Defend Press Freedom
In 1776 Thomas Paine wrote: “these are the times that try men’s (women’s) souls. The summer soldier and the sunshine patriot will, in this crisis, shrink from the service of their country; but he that stands by it now, deserves the love and thanks of man and woman.”
Now is another time of grave crisis for men and women patriots to stand for the service of their country.
There is grave danger from global warming resulting in enormous natural disasters; a very real threat of an imminent war with Iran; and America’s intelligence system has been exposed to great danger — to persons and methods — for partisan political purposes.
The latest crisis, however, is foundation to our liberty. The new crisis is where the U.S. Justice Department has made an attack on the United States Constitution’s First Amendment Freedom of the Press.
That’s right, our basic freedom — Freedom of the Press — is under attack by Attorney General Barr at Trump’s direction.
Julian Assange, the WikiLeaks leader, has been indicted on 17 counts of violating the Espionage Act for his role in obtaining and publishing secret military and diplomatic documents in 2010, the Justice Department announced on May 23 — a novel case that raises profound First Amendment, Freedom of the Press issues.
These unprecedented charges demonstrate the gravity of the threat the criminal prosecution of Julian Assange poses to all journalists in their endeavor to inform the public about actions that have been taken by the U.S. Government.
For the purposes of press freedoms, what matters is not who counts as a journalist, but whether journalistic activities — whether performed by a “journalist” or anyone else — can be crimes in America. The Trump administration’s move could establish a precedent used to criminalize future acts of national-security journalism.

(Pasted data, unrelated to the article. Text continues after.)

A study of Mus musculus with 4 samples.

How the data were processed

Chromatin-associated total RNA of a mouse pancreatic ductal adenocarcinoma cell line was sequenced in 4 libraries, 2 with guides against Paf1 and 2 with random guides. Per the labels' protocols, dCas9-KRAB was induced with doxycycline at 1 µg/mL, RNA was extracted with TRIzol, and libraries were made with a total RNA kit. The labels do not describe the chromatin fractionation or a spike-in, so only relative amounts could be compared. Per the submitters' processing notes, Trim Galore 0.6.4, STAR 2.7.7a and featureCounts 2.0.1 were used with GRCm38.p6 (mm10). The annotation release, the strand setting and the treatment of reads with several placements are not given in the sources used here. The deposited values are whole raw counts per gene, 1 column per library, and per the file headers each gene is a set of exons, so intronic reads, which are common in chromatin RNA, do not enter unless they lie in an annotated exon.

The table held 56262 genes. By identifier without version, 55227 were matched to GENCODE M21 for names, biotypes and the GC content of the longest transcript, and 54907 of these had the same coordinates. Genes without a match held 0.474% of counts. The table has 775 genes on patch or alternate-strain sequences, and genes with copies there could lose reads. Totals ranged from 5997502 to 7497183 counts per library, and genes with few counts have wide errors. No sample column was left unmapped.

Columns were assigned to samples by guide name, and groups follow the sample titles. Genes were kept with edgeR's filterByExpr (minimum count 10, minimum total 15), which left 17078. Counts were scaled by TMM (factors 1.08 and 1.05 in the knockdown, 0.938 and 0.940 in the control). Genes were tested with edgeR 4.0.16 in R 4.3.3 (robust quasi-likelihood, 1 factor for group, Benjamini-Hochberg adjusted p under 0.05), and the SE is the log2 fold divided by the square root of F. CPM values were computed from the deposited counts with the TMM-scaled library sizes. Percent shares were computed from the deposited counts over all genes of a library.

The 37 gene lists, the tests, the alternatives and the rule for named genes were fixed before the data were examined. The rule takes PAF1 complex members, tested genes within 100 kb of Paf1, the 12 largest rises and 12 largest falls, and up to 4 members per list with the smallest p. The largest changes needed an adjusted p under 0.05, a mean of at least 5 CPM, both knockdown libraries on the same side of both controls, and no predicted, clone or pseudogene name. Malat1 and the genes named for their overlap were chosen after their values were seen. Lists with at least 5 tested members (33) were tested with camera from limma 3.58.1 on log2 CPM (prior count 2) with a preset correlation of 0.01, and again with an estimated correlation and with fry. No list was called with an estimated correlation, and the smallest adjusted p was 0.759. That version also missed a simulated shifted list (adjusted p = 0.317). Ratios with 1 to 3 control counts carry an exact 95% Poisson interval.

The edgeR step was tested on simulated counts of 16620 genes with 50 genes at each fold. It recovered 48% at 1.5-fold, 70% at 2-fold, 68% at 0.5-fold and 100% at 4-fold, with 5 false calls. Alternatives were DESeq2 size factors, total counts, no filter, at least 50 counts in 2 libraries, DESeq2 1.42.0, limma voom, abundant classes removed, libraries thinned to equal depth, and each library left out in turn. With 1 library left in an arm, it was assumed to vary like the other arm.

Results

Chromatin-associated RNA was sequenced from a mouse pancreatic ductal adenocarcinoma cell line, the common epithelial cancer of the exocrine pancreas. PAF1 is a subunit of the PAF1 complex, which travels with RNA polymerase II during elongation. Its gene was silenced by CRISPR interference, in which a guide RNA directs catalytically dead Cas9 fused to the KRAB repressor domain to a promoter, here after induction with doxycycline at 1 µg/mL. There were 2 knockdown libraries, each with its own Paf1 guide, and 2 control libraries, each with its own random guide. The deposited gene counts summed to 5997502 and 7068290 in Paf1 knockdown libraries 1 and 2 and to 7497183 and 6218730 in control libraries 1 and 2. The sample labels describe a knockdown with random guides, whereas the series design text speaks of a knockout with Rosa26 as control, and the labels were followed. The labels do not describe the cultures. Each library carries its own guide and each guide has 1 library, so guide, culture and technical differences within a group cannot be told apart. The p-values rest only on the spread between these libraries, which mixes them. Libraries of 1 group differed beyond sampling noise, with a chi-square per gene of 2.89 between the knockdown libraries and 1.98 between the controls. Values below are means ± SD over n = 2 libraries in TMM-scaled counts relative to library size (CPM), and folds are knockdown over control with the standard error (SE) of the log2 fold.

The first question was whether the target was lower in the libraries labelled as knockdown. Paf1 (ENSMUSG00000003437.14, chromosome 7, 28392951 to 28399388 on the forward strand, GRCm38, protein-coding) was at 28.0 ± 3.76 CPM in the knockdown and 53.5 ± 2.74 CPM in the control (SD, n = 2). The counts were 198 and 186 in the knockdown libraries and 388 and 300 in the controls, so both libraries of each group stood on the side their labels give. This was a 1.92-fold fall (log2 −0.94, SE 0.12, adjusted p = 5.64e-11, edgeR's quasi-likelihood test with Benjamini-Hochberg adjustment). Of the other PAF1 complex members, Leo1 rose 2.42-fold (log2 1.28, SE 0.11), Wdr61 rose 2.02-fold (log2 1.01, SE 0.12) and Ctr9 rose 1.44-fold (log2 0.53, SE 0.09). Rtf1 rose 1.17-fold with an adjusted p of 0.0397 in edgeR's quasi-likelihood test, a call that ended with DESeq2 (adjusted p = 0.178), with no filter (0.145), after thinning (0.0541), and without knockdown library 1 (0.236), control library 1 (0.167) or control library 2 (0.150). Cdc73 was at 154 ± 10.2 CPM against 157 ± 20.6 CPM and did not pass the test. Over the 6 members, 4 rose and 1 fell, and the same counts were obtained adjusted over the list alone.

Trump, Barr, Mitch McConnell, et al plan is to intimidate the free press and have them become Fox like lackeys and allow Trump to be an unhinged despot.
Trump bellows “fake news” and attacks journalists as the “enemy of the people” like a light house continuously flashes its light and sounds its horn in fog.
Neil Sheehan of the NY Times obtained the classified Vietnam Pentagon Papers from Daniel Ellsberg, and after the Times and the Washington Post printed articles from the Pentagon Papers both papers were sued under the Espionage Act by the Nixon Administration. The Times and Post prevailed 6-3 and the the entire Pentagon Papers were eventually published in the public interest.
SCOTUS Justice Hugo Black wrote an opinion in his Pentagon Papers ruling against the Government’s Espionage Act charge that elaborated on his view of the absolute superiority of the First Amendment: “Reporters often seek out and publish secret information from sources who are not authorized to reveal it… Other times, news organizations’ assessment of the risks differs from the government’s, and publication proceeds despite officials’ objections. Without the freedom to do this work, some of the gravest government misdeeds would never have come to light.”
But will Justice Black’s opinion stand today with Trump’s Supreme Court? Trump and Barr are hoping not. They fervently wish to be able to run roughshod — shutting down America’s free press, intimidating journalists.
Neil Sheehan said, after he heard about the Espionage Act charges against Assange, “Reporters and editors are going to have to be very courageous in the times to come.”
I am hoping the freedom spirit of Thomas Paine, Daniel Elsberg, Neil Sheehan, and Hugo Black will prevail and continue to inspire journalists — it had better if America is to remain free.